At first glance it seems to be a term that describes some sort of wayfaring stranger “drifting” about. To make matters even more complicated, the word “driftless” is a bit difficult to say and understand (over the phone, especially). You wouldn’t believe the variations on “driftless” that we have heard over the years. We have endured everything from “Dirt-less Organics” to “Driftwood Organics.” I think my favorite rendition, from a governmental farm agency, was “Shirtless Organics.”

If you are familiar with this region, or  by chance majored in geology in school, than you would know the word and its geological reference. Here’s “Wikipedia’s” definition: “The Driftless Area or Paleozoic Plateau is a region in the American Midwest noted mainly for its deeply carved river valleys. While primarily in southwest Wisconsin, it includes areas of southeast Minnesota, northeast Iowa and northwest Illinois. This region’s peculiar terrain is due to its having escaped glaciation in the last glacial period.The term “driftless” indicates a lack of glacial drift, the material left behind by retreating continental glaciers.”

Basically the glaciers didn’t plow through this area like they did north and east of us. Instead, we are left with this beautifully rolling hill and valley landscape. Most of the slopes are too steep to farm and therefore you are often surrounded by forested hills with the fields laying in the valleys. This is perfectly shown in the picture below (or most any picture of our farm).

There are multitude of streams and creeks that meander through the valleys that make the area even more picturesque. It’s a hotspot for trout fishing and canoeing as well. Unfortunately, these streams don’t have the capacity to hold much water and therefore you all too often see flooding, as we’ve experienced the last few seasons. But when they aren’t causing havoc, the streams and rivers of the region are a wonderful place to escape to after a hot day in the sun.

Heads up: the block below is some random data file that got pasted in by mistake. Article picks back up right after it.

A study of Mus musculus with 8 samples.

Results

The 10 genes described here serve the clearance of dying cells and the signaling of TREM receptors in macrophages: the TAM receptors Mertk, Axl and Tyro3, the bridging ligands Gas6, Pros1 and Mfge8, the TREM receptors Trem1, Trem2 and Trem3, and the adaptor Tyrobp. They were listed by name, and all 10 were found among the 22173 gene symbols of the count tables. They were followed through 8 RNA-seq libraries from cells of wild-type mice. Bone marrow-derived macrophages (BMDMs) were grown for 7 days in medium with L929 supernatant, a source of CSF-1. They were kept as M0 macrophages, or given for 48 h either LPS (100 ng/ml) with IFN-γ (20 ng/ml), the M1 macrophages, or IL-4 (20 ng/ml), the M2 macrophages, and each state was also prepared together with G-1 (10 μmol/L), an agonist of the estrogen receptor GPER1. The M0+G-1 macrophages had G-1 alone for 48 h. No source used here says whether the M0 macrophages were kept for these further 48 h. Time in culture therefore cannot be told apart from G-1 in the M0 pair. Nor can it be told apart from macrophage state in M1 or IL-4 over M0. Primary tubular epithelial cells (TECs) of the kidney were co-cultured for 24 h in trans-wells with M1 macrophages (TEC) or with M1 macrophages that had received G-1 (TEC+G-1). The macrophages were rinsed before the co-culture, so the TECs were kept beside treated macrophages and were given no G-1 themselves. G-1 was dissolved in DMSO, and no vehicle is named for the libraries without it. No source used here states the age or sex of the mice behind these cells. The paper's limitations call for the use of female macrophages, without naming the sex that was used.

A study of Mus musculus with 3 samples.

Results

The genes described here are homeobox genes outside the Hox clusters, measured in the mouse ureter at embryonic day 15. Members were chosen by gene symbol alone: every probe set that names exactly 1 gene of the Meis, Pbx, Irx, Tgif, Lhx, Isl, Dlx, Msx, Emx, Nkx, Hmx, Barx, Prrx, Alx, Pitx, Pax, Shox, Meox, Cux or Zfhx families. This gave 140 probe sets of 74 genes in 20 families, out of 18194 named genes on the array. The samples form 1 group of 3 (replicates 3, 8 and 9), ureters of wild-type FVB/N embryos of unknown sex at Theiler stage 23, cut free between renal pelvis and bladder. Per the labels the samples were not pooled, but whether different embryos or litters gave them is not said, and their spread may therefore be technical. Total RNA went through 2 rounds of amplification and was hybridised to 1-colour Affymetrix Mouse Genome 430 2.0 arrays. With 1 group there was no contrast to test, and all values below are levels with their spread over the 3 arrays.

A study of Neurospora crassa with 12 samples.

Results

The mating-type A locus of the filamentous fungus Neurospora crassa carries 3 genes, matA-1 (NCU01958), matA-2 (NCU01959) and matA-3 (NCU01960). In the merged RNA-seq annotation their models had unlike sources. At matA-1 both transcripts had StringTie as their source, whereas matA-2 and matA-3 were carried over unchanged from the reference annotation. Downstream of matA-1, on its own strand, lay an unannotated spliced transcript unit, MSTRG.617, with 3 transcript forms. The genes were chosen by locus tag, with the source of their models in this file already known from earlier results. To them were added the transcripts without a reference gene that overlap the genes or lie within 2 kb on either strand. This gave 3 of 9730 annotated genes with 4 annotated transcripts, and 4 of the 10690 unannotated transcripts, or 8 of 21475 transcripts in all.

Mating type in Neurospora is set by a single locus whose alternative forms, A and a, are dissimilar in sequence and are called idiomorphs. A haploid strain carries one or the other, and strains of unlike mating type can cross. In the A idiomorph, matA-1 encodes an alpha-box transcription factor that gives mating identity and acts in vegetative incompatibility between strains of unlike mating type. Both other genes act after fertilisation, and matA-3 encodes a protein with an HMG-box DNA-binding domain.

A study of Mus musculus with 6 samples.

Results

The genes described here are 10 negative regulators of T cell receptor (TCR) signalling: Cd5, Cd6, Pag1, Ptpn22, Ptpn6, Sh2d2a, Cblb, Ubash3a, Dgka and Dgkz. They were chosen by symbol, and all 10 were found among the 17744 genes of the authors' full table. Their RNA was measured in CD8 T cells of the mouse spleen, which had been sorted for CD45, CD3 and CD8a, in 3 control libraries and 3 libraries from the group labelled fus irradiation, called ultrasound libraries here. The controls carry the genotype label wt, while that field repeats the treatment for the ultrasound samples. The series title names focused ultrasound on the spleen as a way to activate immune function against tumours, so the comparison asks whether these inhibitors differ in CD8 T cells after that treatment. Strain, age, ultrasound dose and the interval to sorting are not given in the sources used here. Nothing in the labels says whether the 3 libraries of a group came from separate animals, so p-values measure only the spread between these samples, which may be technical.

I feel it is more than just a desire to reference geology now that so many organizations have adopted the word Driftless for their name. (There’s “Driftless Radio”, “The Driftless Cafe”, “Driftless Folk School” to name a few…). For those who live here or have spent time here, the name is synonymous with a region of the world that is chock full of good people. We are organic pioneers, musicians, back-to-the-landers, farmers, entrepreneurs, artists and conservationists. I suppose there may be a few wayfaring strangers “drifting” about as well.